If you signed it, you are liable.

Directors are often required to provide a personal guarantee as security for business loans. This often seems like a good idea at the time; however, you are liable for the full amount if your business begins to struggle.

Often these guarantees are drafted heavily in favour of the lender and designed to give them maximum protection. Countless directors have signed personal guarantees under the belief that there is an easy loophole to avoid payment of their debt. THIS IS NOT THE CASE.

If your creditor calls in the personal guarantee, you will be left fully liable, and lenders can demand payment in full. An inability to satisfy this demand can lead to your personal assets such as your home being at risk.

Therefore, it is crucial for directors to take legal advice and carefully consider the risks to them before signing.

Joint and several – You’re all liable

A personal guarantee can be provided by one individual or several parties.

Where there are multiple people involved, the creditor may make each guarantor “jointly and severally” liable. The creditor can then make a partial or full claim against any guarantors for sums due under the personal guarantee.

This means that if there are two guarantors and one cannot pay, the creditor can pursue the other for the whole amount guaranteed.

Full value is owed once the personal guarantee is called in

If your creditor requests repayment, you will be liable to pay the total amount in a lump sum. Your creditor will invalidate any previous payment arrangement, and they will often demand that you pay the remaining balance immediately.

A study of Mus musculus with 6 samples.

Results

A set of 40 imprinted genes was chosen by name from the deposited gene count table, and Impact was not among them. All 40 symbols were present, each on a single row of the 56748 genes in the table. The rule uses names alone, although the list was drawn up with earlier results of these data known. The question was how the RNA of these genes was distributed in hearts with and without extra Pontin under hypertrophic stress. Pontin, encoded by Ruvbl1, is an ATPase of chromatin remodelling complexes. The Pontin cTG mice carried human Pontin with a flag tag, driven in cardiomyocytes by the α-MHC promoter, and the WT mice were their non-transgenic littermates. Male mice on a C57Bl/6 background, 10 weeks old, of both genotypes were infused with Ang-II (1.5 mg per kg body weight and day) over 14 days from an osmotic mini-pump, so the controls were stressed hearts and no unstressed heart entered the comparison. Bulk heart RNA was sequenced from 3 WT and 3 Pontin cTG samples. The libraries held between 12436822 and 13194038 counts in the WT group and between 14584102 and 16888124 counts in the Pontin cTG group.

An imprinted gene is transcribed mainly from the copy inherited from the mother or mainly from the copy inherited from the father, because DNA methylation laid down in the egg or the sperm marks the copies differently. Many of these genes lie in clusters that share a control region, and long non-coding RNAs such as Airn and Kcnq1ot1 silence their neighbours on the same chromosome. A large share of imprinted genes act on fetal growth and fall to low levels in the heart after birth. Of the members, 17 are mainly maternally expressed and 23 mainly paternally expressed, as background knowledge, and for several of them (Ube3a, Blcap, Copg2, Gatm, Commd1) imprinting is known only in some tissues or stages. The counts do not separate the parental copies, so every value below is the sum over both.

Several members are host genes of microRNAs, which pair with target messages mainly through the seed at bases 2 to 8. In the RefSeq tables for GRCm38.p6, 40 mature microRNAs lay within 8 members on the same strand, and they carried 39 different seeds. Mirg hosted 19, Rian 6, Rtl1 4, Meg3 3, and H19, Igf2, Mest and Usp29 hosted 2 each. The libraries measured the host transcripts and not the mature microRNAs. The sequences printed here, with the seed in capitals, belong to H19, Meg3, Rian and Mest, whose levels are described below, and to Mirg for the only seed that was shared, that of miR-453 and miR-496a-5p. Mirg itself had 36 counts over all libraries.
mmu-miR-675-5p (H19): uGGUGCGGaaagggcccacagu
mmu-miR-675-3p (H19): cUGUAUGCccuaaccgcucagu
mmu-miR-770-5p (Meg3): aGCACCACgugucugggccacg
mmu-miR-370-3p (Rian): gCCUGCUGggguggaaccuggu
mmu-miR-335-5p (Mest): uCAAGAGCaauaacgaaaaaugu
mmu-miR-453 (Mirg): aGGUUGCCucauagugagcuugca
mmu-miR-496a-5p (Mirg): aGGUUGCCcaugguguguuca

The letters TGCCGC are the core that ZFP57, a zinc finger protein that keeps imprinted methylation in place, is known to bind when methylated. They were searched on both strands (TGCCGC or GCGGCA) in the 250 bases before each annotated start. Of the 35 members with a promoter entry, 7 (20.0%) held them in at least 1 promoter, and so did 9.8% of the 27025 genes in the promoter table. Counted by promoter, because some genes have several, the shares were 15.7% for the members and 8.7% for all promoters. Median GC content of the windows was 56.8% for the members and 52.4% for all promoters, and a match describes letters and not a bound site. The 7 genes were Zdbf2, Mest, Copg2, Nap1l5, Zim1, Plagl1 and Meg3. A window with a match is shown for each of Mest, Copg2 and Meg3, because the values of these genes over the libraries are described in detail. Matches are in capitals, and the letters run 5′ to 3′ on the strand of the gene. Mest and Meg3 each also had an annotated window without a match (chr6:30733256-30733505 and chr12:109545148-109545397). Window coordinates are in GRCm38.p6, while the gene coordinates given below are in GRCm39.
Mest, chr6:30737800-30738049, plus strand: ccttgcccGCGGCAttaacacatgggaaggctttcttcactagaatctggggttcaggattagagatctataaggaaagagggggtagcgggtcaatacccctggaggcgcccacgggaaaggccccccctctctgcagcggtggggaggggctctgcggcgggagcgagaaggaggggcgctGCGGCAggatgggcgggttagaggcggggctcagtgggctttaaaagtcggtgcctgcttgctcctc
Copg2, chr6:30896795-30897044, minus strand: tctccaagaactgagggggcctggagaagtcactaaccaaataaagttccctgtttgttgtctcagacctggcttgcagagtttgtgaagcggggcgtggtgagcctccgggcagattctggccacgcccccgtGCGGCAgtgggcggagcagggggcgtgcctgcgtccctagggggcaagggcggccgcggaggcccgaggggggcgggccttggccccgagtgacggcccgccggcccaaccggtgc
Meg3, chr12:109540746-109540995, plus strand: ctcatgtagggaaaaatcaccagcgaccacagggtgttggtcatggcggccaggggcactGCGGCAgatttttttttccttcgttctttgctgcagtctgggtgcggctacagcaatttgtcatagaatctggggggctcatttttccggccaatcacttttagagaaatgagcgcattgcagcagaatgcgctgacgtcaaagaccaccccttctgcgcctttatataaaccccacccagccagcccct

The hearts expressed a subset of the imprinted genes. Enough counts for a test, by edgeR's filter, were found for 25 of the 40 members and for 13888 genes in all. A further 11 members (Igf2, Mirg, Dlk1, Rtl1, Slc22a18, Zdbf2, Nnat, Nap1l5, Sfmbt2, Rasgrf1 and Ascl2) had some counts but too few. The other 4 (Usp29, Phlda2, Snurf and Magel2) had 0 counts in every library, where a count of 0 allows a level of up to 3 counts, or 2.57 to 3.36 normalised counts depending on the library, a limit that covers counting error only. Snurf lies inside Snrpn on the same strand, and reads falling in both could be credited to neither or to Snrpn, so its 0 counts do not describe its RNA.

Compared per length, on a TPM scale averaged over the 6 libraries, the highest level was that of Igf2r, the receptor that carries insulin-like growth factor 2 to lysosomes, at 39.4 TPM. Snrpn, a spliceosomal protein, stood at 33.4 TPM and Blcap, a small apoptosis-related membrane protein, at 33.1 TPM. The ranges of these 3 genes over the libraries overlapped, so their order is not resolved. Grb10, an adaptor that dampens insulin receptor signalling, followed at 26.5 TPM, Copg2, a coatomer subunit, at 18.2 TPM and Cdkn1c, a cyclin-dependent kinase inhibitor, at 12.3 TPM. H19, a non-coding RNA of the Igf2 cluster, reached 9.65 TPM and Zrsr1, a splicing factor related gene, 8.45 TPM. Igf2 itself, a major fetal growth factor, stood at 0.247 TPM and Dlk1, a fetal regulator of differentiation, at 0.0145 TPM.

This can cause severe issues as it is rare that the guarantor has the cash reserves to satisfy the creditor.

Some lenders may agree to payment plans, but these are rare and often involve large monthly sums. The lender is under no obligation to agree to a payment plan.

Additionally, the guarantor is liable for any additional interest due on the loan, so the longer you take to pay back the loan, the more you will ultimately repay.

Personal Liability: Bankruptcy or Assets at Risk

The clue is in the name; Personal Guarantee. Your personal assets are at risk.

This includes personal assets, the most important being your home. A creditor can apply a charging order on property or land to recover the money owed. Alternatively, they may make you Bankrupt via a Creditor’s Petition; this will allow the Trustee to sell your assets to pay your creditors. In this scenario, any other debts you owe will likely be included in Bankruptcy. You will also be liable for the fees incurred in disposing of your assets.

This can mean a singular debt can snowball and become a much more severe issue.

Loan Sales – From Bad to Worse

Above, we have outlined what your creditor might do if you can’t satisfy your liability however, this isn’t the worst-case scenario.

If you cannot pay back your loan, your creditor may sell your loan to a 3rd party.

These companies make a profit by buying debt for lower than its value. As a result, these companies are often willing to invest more time and effort to recover the liability. It also means they are more aggressive, harder to negotiate with and less likely to accept settlement offers.

What are my options?

As with any client, we recommend you arm yourself with the best advice. Although they can be a saving grace, personal guarantees can quickly become a curse. The number of directors defaulting on these loans has massively jumped due to the COVID-19 pandemic. In situations like these, the most important thing is to regain control.  If you think your personally guaranteed loan may be called in or if you are struggling with your loan, get in touch with our team today to find out your options.

You can call us on 0330 159 5820, email us at [email protected] or fill in a web form.